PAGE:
The Parent’s Dinner last night turned into a Family Dinner. Carrie and the future Mr. Carrie were great sports about the lengthening list of dinner guests in the midst of their excitement and utter exhaustion from having a house full of people for days. They just pulled out more food and spread out the Ahi by making extra side dishes. Mr. Carrie is a great cook!
Dinner was great and not as big a challenge as you’d expect despite it being Lent. Even with Carrie’s family being devout Catholics and Mr. Carrie’s family being lapsed Lutherans, it all came off like clockwork.
It was so much fun watching these two families interact. Carrie’s family all came in from North Jersey. Mr. Carrie’s family was in from Riverside, California and, I heard this a lot last night so it’s got to mean something, Orange County.
Having lived on both coasts I’m a little in the middle myself, so I kind of dug both cultural perspectives. But, when one of Mr. Carrie’s sisters made a comment about how Jenny McCarthy had found a cure for autism, I heard Carrie’s mother ask who was Jenny McCarthy and Carrie explaining that she was an ex-Playboy Bunny, I had to look over from where I was sitting on the couch with Carries brother and his fiancée to see if Carrie’s mother’s head would spin off her neck and explode. Too funny.
Both these families are made up of wonderful, interesting, intelligent people. They’re just a little different, is all.
Lots to do today. We went out to the wedding site, this beautiful old plantation. It’s gorgeous. Carrie, her friend, Jenny, and I put together all the centerpieces and set up the tables. Then, Carrie and I ran out to Michael’s to pick up some finishing touches before heading over to another Mexican place for a late lunch. I swear I’ve eaten more food in the last three days than I have in a year. I’m definitely going to have a hard time squeezing into my dress today. Well, I might get into it if I don’t mind holding my breath for four hours…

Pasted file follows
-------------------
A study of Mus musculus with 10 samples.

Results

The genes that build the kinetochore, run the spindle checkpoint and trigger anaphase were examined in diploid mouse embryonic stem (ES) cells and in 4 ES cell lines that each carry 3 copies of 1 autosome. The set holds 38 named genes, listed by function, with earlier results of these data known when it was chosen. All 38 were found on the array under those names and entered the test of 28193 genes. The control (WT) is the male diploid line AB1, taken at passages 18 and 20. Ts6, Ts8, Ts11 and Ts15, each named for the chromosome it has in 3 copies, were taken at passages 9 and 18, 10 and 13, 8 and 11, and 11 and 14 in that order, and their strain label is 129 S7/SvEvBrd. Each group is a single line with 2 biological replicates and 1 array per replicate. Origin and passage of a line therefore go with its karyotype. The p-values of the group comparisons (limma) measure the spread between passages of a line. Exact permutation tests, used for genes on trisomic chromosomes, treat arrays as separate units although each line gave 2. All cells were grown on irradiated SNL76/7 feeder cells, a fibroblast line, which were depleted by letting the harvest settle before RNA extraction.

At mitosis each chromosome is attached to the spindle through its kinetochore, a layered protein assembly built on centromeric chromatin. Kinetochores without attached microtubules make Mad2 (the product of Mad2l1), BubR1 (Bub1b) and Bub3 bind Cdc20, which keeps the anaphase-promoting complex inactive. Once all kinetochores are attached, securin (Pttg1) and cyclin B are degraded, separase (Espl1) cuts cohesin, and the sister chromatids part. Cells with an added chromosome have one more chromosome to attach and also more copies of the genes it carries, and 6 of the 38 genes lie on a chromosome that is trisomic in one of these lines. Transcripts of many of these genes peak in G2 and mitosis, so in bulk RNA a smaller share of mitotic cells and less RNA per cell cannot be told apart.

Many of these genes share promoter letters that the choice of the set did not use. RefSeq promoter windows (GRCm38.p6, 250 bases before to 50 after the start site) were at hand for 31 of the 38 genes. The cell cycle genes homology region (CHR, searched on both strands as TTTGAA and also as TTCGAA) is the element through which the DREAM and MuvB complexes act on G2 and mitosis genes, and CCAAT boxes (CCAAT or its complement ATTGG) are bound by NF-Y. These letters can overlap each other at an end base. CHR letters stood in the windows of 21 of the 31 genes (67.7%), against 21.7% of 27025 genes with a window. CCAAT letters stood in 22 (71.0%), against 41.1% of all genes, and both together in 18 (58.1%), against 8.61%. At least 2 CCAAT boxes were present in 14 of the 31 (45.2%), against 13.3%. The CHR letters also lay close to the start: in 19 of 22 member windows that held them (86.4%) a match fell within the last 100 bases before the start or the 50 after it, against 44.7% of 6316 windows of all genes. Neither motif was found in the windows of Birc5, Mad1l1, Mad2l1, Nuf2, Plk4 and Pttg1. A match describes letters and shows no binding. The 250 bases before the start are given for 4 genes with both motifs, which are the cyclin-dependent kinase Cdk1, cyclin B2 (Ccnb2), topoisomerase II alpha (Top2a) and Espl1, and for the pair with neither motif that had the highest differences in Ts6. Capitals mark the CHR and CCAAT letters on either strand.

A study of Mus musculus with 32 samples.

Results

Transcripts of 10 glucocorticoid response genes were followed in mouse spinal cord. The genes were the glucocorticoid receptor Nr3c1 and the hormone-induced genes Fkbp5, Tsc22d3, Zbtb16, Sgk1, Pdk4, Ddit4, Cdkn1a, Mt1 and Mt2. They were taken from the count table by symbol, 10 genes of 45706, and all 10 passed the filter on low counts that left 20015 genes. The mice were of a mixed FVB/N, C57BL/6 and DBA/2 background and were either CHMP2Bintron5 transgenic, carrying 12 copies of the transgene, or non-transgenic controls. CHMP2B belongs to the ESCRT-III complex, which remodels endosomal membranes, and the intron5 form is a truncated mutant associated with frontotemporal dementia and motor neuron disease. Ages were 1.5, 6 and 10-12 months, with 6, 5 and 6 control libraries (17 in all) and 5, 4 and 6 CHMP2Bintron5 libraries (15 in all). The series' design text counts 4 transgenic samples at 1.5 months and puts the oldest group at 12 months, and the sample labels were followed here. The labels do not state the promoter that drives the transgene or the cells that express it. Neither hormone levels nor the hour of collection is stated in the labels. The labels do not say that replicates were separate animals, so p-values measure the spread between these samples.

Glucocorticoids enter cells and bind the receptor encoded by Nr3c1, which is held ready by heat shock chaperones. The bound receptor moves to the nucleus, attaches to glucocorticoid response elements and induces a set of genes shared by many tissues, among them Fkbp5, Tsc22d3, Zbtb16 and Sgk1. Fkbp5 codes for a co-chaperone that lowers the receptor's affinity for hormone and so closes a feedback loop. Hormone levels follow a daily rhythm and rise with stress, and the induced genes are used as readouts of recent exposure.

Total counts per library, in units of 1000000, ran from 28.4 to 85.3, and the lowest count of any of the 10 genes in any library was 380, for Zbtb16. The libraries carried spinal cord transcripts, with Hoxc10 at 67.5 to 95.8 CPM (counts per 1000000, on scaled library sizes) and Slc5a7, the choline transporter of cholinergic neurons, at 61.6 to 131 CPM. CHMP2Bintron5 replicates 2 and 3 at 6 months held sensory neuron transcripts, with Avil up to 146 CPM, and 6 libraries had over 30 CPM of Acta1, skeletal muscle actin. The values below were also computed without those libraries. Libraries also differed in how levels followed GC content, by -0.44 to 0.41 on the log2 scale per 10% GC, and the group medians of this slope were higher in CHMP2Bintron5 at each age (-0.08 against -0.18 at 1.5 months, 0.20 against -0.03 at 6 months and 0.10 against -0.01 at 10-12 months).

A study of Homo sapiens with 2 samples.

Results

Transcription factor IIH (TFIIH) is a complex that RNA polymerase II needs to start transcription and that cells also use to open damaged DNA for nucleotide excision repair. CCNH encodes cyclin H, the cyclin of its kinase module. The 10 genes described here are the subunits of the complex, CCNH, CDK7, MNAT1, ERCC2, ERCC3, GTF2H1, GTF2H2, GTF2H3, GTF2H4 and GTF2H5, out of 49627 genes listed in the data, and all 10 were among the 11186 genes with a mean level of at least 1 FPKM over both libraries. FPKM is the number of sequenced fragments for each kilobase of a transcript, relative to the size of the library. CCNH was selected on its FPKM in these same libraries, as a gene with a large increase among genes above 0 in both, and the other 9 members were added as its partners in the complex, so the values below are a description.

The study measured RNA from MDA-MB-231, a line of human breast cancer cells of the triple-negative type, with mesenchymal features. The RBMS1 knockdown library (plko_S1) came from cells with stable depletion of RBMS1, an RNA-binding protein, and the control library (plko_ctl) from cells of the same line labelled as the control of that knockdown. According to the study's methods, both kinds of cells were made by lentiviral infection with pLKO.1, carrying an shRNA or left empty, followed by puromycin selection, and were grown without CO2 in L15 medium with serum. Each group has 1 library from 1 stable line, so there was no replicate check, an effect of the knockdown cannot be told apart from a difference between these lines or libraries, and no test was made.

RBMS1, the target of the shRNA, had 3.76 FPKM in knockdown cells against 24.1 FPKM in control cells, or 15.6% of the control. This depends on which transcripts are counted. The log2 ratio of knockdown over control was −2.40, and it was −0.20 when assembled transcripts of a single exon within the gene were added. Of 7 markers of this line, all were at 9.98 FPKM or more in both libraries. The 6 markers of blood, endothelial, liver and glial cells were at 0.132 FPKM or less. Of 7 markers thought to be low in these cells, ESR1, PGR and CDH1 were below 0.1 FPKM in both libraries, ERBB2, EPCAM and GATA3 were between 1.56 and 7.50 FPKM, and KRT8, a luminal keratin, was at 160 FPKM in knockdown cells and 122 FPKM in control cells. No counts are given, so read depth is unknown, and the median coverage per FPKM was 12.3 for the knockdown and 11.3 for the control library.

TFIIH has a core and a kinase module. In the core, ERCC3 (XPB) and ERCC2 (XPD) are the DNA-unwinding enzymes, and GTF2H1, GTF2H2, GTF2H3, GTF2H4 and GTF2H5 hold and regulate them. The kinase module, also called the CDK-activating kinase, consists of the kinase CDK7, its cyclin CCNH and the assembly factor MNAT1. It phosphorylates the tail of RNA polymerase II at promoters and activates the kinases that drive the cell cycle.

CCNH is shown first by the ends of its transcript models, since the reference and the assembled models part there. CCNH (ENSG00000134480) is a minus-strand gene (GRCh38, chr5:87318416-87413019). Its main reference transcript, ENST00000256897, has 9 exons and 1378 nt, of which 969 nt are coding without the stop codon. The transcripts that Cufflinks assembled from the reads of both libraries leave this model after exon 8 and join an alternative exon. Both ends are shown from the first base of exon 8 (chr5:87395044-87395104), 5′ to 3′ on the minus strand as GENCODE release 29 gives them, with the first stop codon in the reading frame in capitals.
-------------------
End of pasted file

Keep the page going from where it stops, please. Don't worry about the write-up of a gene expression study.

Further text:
Carrie and I had a long talk about how to handle that overwhelming feeling you get sometimes when you just can’t figure out what to do first or next. And she told me she prayed. Maybe it’s my own Catholic upbringing or maybe it’s just nostalgia for that feeling I always had as a child that I could always rely on someone or something bigger than me fixing everything that was wrong – from scraped knees to bruised hearts – but that made sense to me. The praying, I mean.
And by the time we’d pulled into the parking lot of the Dollar Store where we bought the coolest matching flip flops for $3 a piece, I’d come to the decision that I was ready to do some of that myself. Not that I have a lot of problems. I’m blessed in many ways. But you really don’t want to reconnect only when you need something fixed, right? You’ve got to ease into a relationship before you unpack your baggage.
I try to keep religion out of my public life, but I guess it can be hard to hold on to faith when you don’t embrace it. And sometimes the only thing you can do when you don’t know what to do next is just let it go and hand your problems over to a higher power. It’s not so much about failing to take responsibility as it is acknowledging that you can’t do it all yourself.
None of us have all the answers. And whether you believe in Budha, God, Zarathushtra, or nothing at all, sometimes the smartest thing you can do is just to let go of the idea that you do.